According to the World Health Organization, nine out of 10 people worldwide breathe air containing a high level of pollutants, and one of every 9 global deaths can be attributed to exposure to air pollution, totaling over 7 million premature deaths a year.
The research, published in the journal Proceedings of the National Academy of Sciences, showed definitive proof of decreased fetal survival rates, and also shortened gestation rates that can result in smaller body weight, in addition to the damage to brains, hearts and other organs in the adult rat models.
The research team used female rats and examined the adverse health effects of exposure to fine particulate matter consisting of ammonium sulfate commonly found in many locations around the world. During winter months in India and China, where severe haze occurs frequently, fine particulate matter levels were especially high at several hundred micrograms per cubic meter, said the researchers.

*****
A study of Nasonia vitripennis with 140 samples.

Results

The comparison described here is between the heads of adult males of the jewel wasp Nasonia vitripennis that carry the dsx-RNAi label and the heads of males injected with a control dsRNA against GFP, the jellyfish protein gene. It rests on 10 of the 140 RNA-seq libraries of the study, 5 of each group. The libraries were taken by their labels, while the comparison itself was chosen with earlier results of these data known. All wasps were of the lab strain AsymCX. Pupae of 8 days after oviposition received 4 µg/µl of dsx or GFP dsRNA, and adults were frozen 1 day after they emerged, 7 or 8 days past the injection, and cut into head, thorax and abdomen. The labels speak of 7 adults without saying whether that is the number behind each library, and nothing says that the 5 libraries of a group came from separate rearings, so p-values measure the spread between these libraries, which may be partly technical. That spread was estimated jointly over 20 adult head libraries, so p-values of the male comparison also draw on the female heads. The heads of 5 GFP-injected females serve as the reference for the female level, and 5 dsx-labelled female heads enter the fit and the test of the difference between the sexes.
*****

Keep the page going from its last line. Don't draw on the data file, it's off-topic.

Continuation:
"People typically believe that ammonium sulfate may not be terribly toxic, but our results show large impacts on female pregnant rats," said Renyi Zhang, Professor at Texas A&M University in the US.
"It is unclear yet what is causing these profound effects, but we speculate that the size of nanoparticles or even the acidity may be the culprit," Zhang said. "So this certainly represents a major problem worldwide," Zhang added.
Sulfate is mainly produced from coal burning, which is a major energy source for much of the world in both developed and developing countries. Ammonium is derived from ammonia, which is produced from agricultural, automobile and animal emissions.